Last Saturday was a doozy. It wasn’t like most Saturdays in the country. Bee and her two brothers, Quentin and Spencer, didn’t rush though their morning chores, yank their bikes out of the garage and pedal off to the convenience store to spend their allowance on candy. They didn’t follow that weekly tradition with a sugar-induced tickle fight or game of “Gladiators” in the basement. They didn’t finish the day crowded around the tv with pizza on their laps, watching a movie together. Instead, last Saturday while Bee’s dad was at work, Bee’s mom pulled her and her brothers aside from their chores to inform them she was leaving their father. To some, this isn’t such a horrible thing. It can often be a really good thing. But to Bee and her brothers, it came as a shock. Bee had always been quite close with her brothers and up until then had enjoyed an easy life of school, play, homework and more play. She had the occasional fight with one of her brothers (I mean come on, Spencer was FIVE years younger than her and Quentin was five years older. Sandwiched between those two, who wouldn’t pick a fight now and then?) But Bee couldn’t understand why her Mom would want to move away from her Dad. Bee thought everything was fine. Her parents never fought, they hardly even spoke to one another! Oh… so maybe that could have been a small indication that the split was coming.
As Bee sat still, stone-faced trying to make sense of this news, her mom dropped another bomb on Bee’s happy existence: she was to go live with her mother, leaving her two brothers behind to live with their Dad. “After all, can you really see your father buying your tampons?” Her mother asked, patting Bee on the knee. Her mother didn’t get a reply.
Bee would have loved to say she handled the announcement like the grown up she nearly was… but in reality she tore out of the room, out of the house and into the field that bordered their country home and sobbed by some cows. Bee often hung out with cows. Very calming. Very good-natured. She had only complimentary things to say about cows.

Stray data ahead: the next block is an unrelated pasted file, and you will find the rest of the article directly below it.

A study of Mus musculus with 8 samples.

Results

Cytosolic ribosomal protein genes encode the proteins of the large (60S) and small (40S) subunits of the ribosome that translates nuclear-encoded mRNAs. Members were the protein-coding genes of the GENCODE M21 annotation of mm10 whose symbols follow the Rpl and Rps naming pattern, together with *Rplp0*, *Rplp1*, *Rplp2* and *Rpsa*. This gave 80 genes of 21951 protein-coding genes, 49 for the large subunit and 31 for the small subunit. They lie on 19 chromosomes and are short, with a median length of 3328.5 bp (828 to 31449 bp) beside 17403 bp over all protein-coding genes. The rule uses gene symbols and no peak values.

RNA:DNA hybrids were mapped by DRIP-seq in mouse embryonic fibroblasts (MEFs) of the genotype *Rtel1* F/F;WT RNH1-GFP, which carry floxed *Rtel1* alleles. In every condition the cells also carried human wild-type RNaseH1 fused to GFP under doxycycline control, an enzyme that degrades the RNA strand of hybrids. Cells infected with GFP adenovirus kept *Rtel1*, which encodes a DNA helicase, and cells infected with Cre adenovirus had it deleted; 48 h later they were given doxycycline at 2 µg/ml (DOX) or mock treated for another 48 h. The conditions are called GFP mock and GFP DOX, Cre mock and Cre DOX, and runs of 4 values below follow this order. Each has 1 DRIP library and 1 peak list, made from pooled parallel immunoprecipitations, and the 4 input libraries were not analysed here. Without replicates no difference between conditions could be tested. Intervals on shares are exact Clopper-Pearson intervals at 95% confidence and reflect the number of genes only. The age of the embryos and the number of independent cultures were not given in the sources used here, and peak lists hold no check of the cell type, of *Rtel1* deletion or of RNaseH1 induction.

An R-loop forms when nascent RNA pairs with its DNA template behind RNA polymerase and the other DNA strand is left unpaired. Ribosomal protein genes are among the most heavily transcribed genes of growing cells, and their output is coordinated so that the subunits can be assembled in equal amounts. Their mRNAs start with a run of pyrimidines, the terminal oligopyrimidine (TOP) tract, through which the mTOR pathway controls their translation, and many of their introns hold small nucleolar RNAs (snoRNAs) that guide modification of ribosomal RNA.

Afterwards she packed her clothes and books as her mother instructed her to, and watched as Spencer and her Mom loaded up the small car. Quentin was nowhere to be found and Bee wished she could disappear as well as he did. She was told twice to help them but couldn’t seem to move her feet. She just watched Spencer’s feet and waited for them to stop shuffling back and forth between the trunk and the front steps of the house. It didn’t take nearly long enough for them to load up the car with all of Bee and her mom’s possessions and soon Spencer’s Reeboks came to a stop beside hers.
“Don’t make this harder than it needs to be,” their mom warned, “it’s not like you won’t see each other every weekend. We’re only moving into town.” Bee and Spencer stared blankly at one another for a few moments. What more could they do? And that was that. Bee watched the farmhouse get smaller as they pulled out of the driveway and drove down the long gravel road to the highway, then she turned back around in her seat to face the road ahead. Only she didn’t face the road ahead, she stared at her hands in her lap.